Don’t just tell about it – put some action into it!

“C” writing merely tells the reader what happened.  The action verbs are all very plain.

“A” or “B” writing doesn’t tell us about it – it shows us!

A mean dog came in. 

Charlie, the pit bull, charged in, snarling and frothing at the mouth. 

Mike and Bill fought viciously. 

Bill’s fingers were mashing into Mike’s eye, his thumb thrusting the Mike’s nose upward.  A sudden shift worked lose Mike’s hand.  In a splintered second it was a fist slamming upward into Bill above him. 

Jim greatly enjoys eating apple pie. 

As his mother set the steaming pie on the table, a grin appeared on his face like the dawn’s first light striking the barn and the outbuildings on a frosty December morning. 

They went into the woods and built a fire. 

The four stranded teenagers strode into the deep, resin-scented darkness and gathered dead sticks and cones to make a fire.  When they returned to their makeshift camp, Mike opened up the matchbook – only four matches left.

An old man on Mackinac Island instructs snowmobile safety. 

He stood in the front of the room, a weak smile forced across his wrinkled face.  The young teens settled, their talk almost subsiding as they watched him turn to the worn manila folder containing the first lesson in snowmobile safety. 

She loved her daughter. 

She kissed three-year old Carrie softly on the cheek and tucked in the covers as the girl slept.  She pushed down the thoughts of Robert and his gun, hiding somewhere out there in the dark. 

Bill felt nervous.

Bill sat in a dentist's waiting room, peeling the skin at the edge of his thumb, until the raw, red flesh began to show.  Biting the torn cuticle, he ripped it away, and sucked at the warm sweetness of his own blood.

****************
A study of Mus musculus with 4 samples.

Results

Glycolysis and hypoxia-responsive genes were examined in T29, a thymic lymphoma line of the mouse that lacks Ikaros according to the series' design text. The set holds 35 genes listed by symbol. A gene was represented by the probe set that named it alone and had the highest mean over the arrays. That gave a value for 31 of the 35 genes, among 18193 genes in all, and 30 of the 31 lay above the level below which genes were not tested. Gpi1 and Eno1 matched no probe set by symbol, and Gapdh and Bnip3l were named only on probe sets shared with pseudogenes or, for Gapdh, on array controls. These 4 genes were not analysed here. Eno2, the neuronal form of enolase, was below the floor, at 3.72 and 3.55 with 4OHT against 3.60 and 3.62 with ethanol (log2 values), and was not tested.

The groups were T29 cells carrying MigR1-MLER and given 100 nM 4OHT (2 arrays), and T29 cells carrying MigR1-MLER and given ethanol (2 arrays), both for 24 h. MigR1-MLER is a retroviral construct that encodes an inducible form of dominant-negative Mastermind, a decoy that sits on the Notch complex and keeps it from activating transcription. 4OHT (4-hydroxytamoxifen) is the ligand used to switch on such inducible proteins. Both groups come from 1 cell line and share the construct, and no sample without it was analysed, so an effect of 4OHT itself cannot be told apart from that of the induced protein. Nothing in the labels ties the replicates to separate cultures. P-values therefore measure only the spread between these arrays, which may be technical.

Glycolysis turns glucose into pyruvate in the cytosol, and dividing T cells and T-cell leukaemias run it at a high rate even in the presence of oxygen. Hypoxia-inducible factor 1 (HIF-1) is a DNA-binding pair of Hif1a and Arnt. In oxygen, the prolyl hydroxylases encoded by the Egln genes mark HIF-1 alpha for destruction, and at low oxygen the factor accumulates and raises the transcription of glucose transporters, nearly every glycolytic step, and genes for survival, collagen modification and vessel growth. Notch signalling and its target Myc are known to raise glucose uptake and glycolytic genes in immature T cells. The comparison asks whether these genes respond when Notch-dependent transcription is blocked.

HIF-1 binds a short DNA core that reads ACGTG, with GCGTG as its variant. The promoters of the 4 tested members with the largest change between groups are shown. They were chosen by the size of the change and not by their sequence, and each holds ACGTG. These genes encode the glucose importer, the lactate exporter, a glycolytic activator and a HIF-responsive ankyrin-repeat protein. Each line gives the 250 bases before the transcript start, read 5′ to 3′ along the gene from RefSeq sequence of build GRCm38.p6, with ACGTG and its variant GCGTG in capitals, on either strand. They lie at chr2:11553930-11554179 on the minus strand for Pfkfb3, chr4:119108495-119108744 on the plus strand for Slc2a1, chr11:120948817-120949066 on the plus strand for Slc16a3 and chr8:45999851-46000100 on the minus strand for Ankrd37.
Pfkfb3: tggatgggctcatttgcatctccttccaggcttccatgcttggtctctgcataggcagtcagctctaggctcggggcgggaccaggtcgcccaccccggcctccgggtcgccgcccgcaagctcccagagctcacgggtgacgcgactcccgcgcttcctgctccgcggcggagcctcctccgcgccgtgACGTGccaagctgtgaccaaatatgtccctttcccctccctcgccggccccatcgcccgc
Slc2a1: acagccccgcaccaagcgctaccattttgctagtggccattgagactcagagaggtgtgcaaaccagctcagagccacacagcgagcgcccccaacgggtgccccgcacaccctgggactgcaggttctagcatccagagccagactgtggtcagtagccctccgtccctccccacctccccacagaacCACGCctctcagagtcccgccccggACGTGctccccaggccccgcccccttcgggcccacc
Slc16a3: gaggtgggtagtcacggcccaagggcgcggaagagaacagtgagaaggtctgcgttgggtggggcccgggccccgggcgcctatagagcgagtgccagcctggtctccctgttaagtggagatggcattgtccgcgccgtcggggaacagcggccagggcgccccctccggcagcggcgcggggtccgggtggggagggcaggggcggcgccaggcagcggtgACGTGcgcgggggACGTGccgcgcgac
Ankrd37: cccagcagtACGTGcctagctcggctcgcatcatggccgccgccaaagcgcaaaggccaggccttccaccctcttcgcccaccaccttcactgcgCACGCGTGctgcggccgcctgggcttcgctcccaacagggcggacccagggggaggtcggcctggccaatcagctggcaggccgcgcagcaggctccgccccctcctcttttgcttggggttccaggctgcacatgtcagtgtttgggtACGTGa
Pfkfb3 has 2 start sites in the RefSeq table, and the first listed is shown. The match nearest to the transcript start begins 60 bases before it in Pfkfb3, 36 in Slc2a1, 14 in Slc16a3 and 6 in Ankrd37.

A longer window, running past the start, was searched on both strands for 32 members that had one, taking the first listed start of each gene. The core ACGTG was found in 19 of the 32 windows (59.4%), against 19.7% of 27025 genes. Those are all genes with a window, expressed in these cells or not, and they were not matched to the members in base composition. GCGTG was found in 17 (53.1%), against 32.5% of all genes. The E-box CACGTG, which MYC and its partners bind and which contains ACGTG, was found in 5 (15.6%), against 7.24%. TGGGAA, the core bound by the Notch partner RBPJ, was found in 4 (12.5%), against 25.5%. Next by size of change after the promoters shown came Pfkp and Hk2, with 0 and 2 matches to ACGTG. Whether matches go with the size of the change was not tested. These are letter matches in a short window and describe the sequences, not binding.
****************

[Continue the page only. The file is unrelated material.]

Robert Newton Peck, Secrets of Successful Fiction

 


 

 

Lesson Exercises 1: Turning Generalities into Specifics

Break into groups and write scenes to portray the following:

 

See an example of this assignment completed.

 

1 GENERALIZED DESCRIPTION:

She was beautiful, a great singer, and her little sister really looked up to her. 

 

2 GENERALIZED DESCRIPTION:

He was athletic, the star baseball player of the team. 

 

3 GENERALIZED DESCRIPTION:

She didn't get along with her parents.

 

4 GENERALIZED DESCRIPTION:

All the girls liked him, and he hung out with the popular crowd. 

 

5 GENERALIZED DESCRIPTION:

He was always getting into trouble. 

 

6 GENERALIZED DESCRIPTION:

She was shy and sure that other kids never liked her. 

 

7 GENERALIZED DESCRIPTION:

He was a braggart, and enjoyed pushing people around. 

 

8 GENERALIZED DESCRIPTION:

He was a wimp, and always gave in to what other people demanded whether it was something he wanted or not. 

 

9 GENERALIZED DESCRIPTION:

He was interested in action and daring. 

 

10 GENERALIZED DESCRIPTION:

She mostly stayed home and felt awkward in social situations. 

 

11 GENERALIZED DESCRIPTION:

He was busy all the time, and efficient at his job, giving little attention to the personal side of life. 

 

12 GENERALIZED DESCRIPTION:

She was loud and often stepped on people’s toes in social situations, but it seemed that she was never aware of it. 

 

Lesson Exercises 2: Turning Generalities into Specifics

Break into groups and write scenes to portray the following:

 

See an example of this assignment completed.

 

1 GENERALIZED ACTION:

She was mad at him for coming over and talking to her son about stock car racing. 

 

2 GENERALIZED ACTION:

When she told him the news, he just flipped out.

 

3 GENERALIZED ACTION:

The first two weeks he was there, he was constantly running away. 

 

4 GENERALIZED ACTION:

For all of his misbehavior, he was being sent to a summer reform camp. 

 

5 GENERALIZED ACTION:

His dad was so inflexible on his curfew that he couldn’t go to the concert with everyone else. 

 

6 GENERALIZED ACTION:

In class, his mind was far away on his missing brother. 

 

7 GENERALIZED ACTION:

When she saw him in the study by himself, she was convinced that he had something to do with the missing maps. 

 

8 GENERALIZED ACTION:

Knowing where he came from, he wasn’t at all what she had expected. 

 

9 GENERALIZED ACTION:

They got in a fight after school, and Mike easily won.  

 

10 GENERALIZED ACTION:

The officer knew this would be trouble the moment s/he pulled over the van. 

 

11 GENERALIZED ACTION:

As he stepped aboard the bus, he knew this trip would be like nothing he had ever experienced before.